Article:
49ers Far Too Deep for Broncos, 42-19 : Pro football: Free agents the key this season as San Francisco clinches home advantage in playoffs.


As the NFL’s team of the ‘80s, the San Francisco 49ers rose to Super Bowl prominence with a group of unusually gifted offensive players brought together by former coach Bill Walsh in drafts and trades.

This year in the new era of free agency, the 49ers, as one of the two teams of the ‘90s, are winning with nine experienced defensive free agents, who have moved in to spend their declining years with Walsh’s old offensive stars, Steve Young, Jerry Rice and the others.

“We came over to help Steve and Jerry win,” one of the nine, linebacker Gary Plummer, said after the 49ers turned back the Denver Broncos on Saturday, 42-19, earning home-field rights throughout next month’s playoffs.


“You saw that offense today--it’s the best in the league, a Super Bowl offense--and we wanted some of that,” said Plummer, one of the 49ers’ inside linebackers. “This place is a free agent’s paradise because the 49ers also have the best organization in the league. And San Francisco is the best town in the league. Who’s going to beat all that?”

So far, not many people. The 49ers (13-2) combined their new and old players to crush Denver (7-8) before halftime in another easy game for Young, who threw three touchdown passes to make it 34 for the season, a club record that his predecessor, Joe Montana, held with 31.

Plummer and the others in San Francisco’s rebuilt defense overwhelmed injured Bronco quarterback John Elway, sacking him six times and driving him to cover early in the third quarter.

The score was 28-3 when Elway’s backup, Hugh Millen, came in to raise the excitement level for a while with a string of short pass completions leading to a couple of touchdowns.

Before the end, however, the 49ers had improved on their league-leading point average, which was 32 going in, as Rice caught nine passes and Ricky Watters scored three touchdowns.

“Steve Young knows where everyone’s going to be,” Denver Coach Wade Phillips said.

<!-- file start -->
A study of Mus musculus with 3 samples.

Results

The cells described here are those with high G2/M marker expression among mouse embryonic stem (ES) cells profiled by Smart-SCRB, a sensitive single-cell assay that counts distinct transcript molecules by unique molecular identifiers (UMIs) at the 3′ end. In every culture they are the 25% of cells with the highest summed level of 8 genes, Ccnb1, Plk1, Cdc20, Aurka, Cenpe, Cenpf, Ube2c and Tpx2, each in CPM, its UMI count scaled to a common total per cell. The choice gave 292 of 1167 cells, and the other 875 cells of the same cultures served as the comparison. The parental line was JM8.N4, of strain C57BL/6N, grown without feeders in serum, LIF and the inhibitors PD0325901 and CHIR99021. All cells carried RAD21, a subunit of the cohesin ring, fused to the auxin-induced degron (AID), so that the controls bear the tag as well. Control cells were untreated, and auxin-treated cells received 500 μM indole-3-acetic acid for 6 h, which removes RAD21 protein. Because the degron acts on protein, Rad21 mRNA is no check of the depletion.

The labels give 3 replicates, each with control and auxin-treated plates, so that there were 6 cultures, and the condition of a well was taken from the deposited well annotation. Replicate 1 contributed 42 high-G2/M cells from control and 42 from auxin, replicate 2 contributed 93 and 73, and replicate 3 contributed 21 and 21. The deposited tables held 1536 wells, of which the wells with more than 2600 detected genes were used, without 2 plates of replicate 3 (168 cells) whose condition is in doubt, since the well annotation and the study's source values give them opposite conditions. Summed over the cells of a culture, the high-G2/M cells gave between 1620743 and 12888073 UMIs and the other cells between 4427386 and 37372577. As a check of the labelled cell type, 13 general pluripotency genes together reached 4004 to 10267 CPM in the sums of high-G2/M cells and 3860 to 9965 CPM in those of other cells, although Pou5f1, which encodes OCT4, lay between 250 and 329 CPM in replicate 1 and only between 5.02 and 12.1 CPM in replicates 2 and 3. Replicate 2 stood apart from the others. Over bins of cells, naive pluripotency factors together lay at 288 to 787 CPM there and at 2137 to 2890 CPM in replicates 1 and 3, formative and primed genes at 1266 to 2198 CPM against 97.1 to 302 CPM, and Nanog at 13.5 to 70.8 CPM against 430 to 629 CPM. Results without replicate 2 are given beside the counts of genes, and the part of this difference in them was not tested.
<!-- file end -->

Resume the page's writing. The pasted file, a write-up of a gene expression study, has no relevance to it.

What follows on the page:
Said 49er Coach George Seifert: “We’ll play to win at Minnesota (on Dec. 26). We want to stay sharp going into the playoffs.”


It was another day of impressive football for Seifert’s team, which ranks with the Dallas Cowboys as the class of the NFL.

This, in fact, has been another season of impressive football for the 49er offense, which was this good last year and has been at a peak throughout most of the ‘90s.

As a team, even so, the 49ers were going backward last year. Because their defense was declining, they were in danger of disintegrating. Four-time Super Bowl champions, they were facing the kind of collapse that has come to every other great NFL team--Vince Lombardi’s Green Bay champions, Terry Bradshaw’s Pittsburgh champions, and all the others.

Then, just in time, the league rode to San Francisco’s rescue, mandating free agency after years of fighting the players.

And in all, the 49ers have signed 11 veteran free agents, two offensive players--Pro Bowl center Bart Oates and receiver Ed McCaffrey--plus the nine on defense.

Theoretically, every team in the league had an even shot at all of them, but only San Francisco has Young and Rice as a magnet and only San Francisco has San Francisco--the magical city of the west.


“Everyone wants to play in the 49er organization,” said Leigh Steinberg, the agent who represents Young, Plummer and four other 49ers. “For a pro athlete, San Francisco is the promised land.”

Said Plummer: “If the 49ers keep winning, this will keep happening. You hear the oohs and aahs when NFL players fly in over the Golden Gate Bridge for the first time. Then they have dinner at one of the city’s famous restaurants and they’re hooked.”

Of the 49ers’ nine defensive free agents, three are defensive backs, the club’s weakest department: Deion Sanders from Atlanta, Tim McDonald from Arizona, and Toi Cook from New Orleans.

Three are linebackers: Ken Norton Jr. from Dallas, Rickey Jackson from New Orleans, and Plummer, the former San Diego Charger.

Three are defensive linemen: Richard Dent from Chicago, Tim Harris from Philadelphia and Charles Mann from Washington.

Dent, who has been injured and didn’t play Saturday, will be needed in the playoffs to counter Dallas defensive end Charles Haley.


Dallas and San Francisco have won three of the five Super Bowl games played in the ‘90s.

If the 49ers have a slight edge this year, one reason is that their offense looks and plays about as it did in the ‘80s under Walsh.